Monthly Archives: September 2014

Airtasker and TaskRabbit Are Set to Battle for Your Freelance Work | The Freelancer, by Contently

In his blog for Contently’s Freelancer site (Airtasker and TaskRabbit Are Set to Battle for Your Freelance Work), Charlie Kasov compares the services of two freelancer job sites: TaskRabbit, a popular site which has recently moved to an curated agency model, and Airtasker, an Australian site that still works on the more free-for-all open marketplace.

He also offers some advice to freelancers who try to sell their services via these online marketplaces. For example:

Since July, I’ve successfully been able to command higher rates because I try to give each client the best possible experience and make sure they write the most florid possible review of my abilities. I also take precautions to never work with crazy people, which has helped me avoid bad reviews.

 


As reviews editor for Computerworld, I don’t usually complain about queries I get from freelancers — they usually veer from “Hmmm, maybe I should give this one a try” to “Sorry, but not right for us.” But I recently got one that was so useless — and at the same time, seemed so inappropriately confident — that I thought I’d quickly offer a “Don’t let this be you” message.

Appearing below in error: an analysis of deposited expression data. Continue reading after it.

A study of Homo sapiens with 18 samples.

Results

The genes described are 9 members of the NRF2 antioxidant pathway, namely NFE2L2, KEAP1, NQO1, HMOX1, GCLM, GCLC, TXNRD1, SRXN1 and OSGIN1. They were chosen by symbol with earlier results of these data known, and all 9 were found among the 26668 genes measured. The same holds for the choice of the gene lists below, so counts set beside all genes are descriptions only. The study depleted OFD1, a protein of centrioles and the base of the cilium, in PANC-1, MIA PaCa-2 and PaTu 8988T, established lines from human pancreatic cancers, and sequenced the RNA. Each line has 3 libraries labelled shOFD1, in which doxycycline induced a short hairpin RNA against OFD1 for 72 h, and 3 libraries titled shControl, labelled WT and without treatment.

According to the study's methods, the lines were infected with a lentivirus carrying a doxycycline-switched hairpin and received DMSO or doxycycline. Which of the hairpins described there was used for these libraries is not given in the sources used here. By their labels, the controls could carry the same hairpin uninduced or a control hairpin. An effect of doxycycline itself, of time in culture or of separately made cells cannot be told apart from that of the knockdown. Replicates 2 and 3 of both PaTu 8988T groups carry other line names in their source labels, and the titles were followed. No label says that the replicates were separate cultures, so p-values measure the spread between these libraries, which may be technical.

The email I got was short and to the point. The subject was “query from journalist” and the message read:

“Would you care for a review of the new Seagate Wireless Plus? Thanks.”

With the person’s name and a link to his website. And that was it.

There was no introduction telling me who he was, why he was qualified to do a review for us, or what it was about that particular product that deserved reviewing. The website that he linked to featured a description of an apparently self-published book that had nothing whatsoever to do with technology.

He had also apparently send a similar query to at least one other staff member.

I checked my past email, and he had sent a similarly worded query a few months ago for a different product. That time, I was a bit amused, and simply sent an equally terse answer of: “No, thank you.”

This time, he doesn’t get an answer. If he happens to be reading this, a quick word of advice: If you want to work for a new publication, make sure you introduce yourself properly. If you can’t take the time to offer a well-composed query, I won’t take the time to answer it.